Joshua Lawrence Chamberlain (1828-1914) was a soldier in the United States Army during the American Civil War, reaching the rank of major general. He was also a Medal of Honor winner, and served as a Republican Governor of Maine for four terms.

Table of contents
1 Early Life
2 Civil War Service
3 Incident at Appomattox
4 Post-war Career

Early Life

Joshua Lawrence Chamberlain was born in Brewer, Maine on 8 September 1828. Chamberlain lived near Harriet Beecher Stowe and was a visitor in her home and heard her recite passages from Uncle Tom's Cabin. Chamberlain entered Bowdoin College in Brunswick, Maine in 1848 and graduated in 1852. He studied for three additional years at Bangor Theological Seminary in Bangor, Maine. Chamberlains returned to Bowdoin College and began a career in education as a professor of rhetoric.

Civil War Service

Chamberlain's great-grandfathers were soldiers in the American Revolutionary War and his grandfather had served during the War of 1812. His father also had served during the Aroostook War of 1839. Chamberlain himself was not trained in military science but felt a strong desire to serve.

Chamberlain enlisted and received a commission as Lieutenant Colonel of the 20th Maine Volunteer Infantry Regiment which was assigned to the Union Army of the Potomac.

He fought with the regiment at the Battle of Fredericksburg (as shown in the movie Gods and Generals), the Antietam, and at the Battle of Chancellorsville, where he was promoted to Colonel of the regiment.

Chamberlain achieved fame at the Battle of Gettysburg, where his valiant defense of Little Round Top became the focus of many publications and stories, including the movie, Gettysburg.

Chamberlain was slightly wounded in the foot at that battle by a spent bullet. This wound, although minor, would eventually cause him to become ill, and force him to return home for a few days during the Virginia Campaign. He stayed with the Army of the Potomac through its campaigns in Virginia (in 1864 and 1865), being wounded a few times (as described in the book, The Last Full Measure). He was eventually promoted to Brigadier General, and brevetted Major General. He was the subject of much praise during the war, including some from the unlikeliest sources (including fiery cavalry commander Phillip Sheridan).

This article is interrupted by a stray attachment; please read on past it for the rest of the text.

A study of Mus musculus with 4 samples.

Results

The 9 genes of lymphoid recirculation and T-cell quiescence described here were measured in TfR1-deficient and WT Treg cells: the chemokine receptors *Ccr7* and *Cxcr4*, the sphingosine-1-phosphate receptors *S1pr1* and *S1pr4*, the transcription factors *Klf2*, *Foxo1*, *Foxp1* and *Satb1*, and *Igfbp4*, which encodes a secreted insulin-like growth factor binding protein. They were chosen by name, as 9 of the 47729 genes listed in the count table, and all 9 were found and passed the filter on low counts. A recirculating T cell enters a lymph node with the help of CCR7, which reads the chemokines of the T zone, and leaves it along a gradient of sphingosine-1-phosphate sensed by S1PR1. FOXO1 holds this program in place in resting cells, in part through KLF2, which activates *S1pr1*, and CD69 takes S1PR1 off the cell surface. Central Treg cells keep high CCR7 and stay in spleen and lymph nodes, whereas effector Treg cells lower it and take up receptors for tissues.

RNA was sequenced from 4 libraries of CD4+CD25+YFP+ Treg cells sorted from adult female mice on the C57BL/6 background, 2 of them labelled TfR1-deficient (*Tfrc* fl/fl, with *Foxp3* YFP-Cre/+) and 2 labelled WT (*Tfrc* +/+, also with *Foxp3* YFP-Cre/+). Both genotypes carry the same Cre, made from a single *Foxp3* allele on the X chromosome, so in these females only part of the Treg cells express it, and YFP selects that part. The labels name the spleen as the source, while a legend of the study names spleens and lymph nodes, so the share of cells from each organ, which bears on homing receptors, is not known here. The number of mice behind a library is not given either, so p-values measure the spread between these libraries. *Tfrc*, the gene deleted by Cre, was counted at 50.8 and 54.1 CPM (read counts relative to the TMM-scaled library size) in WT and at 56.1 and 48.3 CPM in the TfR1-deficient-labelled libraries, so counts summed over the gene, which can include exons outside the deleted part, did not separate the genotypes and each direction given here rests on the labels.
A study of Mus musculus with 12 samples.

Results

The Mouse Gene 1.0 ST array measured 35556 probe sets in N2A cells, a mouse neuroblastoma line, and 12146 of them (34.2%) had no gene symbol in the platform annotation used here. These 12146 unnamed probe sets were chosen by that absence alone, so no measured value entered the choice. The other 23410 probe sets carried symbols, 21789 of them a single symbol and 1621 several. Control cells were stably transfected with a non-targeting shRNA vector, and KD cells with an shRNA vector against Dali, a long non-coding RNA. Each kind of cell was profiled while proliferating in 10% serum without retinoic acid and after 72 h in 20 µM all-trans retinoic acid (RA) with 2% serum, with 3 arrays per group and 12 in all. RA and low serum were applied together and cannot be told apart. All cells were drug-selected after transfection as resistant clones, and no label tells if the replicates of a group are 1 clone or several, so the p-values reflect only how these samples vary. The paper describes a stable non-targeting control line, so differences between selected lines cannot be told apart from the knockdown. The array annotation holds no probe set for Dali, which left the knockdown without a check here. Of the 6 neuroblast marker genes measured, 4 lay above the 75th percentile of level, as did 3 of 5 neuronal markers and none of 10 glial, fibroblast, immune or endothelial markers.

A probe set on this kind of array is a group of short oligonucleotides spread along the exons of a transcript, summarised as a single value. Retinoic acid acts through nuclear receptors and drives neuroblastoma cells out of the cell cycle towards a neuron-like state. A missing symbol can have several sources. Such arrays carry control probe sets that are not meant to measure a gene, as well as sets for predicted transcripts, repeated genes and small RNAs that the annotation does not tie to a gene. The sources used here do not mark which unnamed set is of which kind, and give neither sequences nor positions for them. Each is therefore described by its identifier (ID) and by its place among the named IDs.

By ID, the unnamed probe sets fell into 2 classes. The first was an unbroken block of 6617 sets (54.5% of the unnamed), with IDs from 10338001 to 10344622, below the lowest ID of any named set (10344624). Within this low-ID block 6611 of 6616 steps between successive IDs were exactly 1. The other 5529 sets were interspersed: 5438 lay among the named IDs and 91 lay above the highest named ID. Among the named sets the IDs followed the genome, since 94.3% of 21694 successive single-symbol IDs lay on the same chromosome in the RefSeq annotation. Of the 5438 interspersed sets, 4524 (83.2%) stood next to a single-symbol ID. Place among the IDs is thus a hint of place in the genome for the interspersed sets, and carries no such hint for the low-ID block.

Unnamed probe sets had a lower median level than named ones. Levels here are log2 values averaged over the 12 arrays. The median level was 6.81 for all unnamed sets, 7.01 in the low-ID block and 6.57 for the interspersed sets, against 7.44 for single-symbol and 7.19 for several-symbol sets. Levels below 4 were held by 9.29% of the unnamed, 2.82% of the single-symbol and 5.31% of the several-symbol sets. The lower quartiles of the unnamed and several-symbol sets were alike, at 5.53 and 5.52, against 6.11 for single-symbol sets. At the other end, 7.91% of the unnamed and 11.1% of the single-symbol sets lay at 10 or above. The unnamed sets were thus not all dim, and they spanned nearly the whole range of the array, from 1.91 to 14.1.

Incident at Appomattox

Chamberlain was also responsible for one of the most poignant scenes of the Civil War at the surrender of Lee's Army of Northern Virginia at Appomattox, Virginia. General Ulysses S. Grant placed Chamberlain in charge of receiving the surrender of Confederate weapons and battle flags. As the conquered Confederate soldiers marched down the road to surrender their arms and colors Chamberlain, without orders or permission, ordered his men to come to attention and "carry arms" as a show of respect. Seeing this unexpected honor, the Confederate commander, General John B. Gordon reared his horse, touched his sword to his boot toe, and ordered his men to return the salute. Chamberlain's salute was not popular with many in the north but he defended his action in his memoirs. Many years later, Gordon, in his own memoirs, called Chamberlain "one of the knightliest soldiers of the Federal Army".

Post-war Career

Chamberlain left the army soon after the war ended, going back to his home state of Maine. Chamberlain served as Governor of Maine for four terms. After leaving political office he returned to Bowdoin College. In 1871 he was appointed President of Bowdoin College and remained in that position until 1883 when he was forced to resign due to ill health from his war wounds.

Towards the end of his life Chamberlain was active in the Grand Army of the Republic, served as Surveyor of the port of Portland, Maine, and engaged in business activities.

In 1893 he was awarded the Medal of Honor for his wartime service.

Joshua Lawrence Chamberlain died in 1914 at Portland, Maine.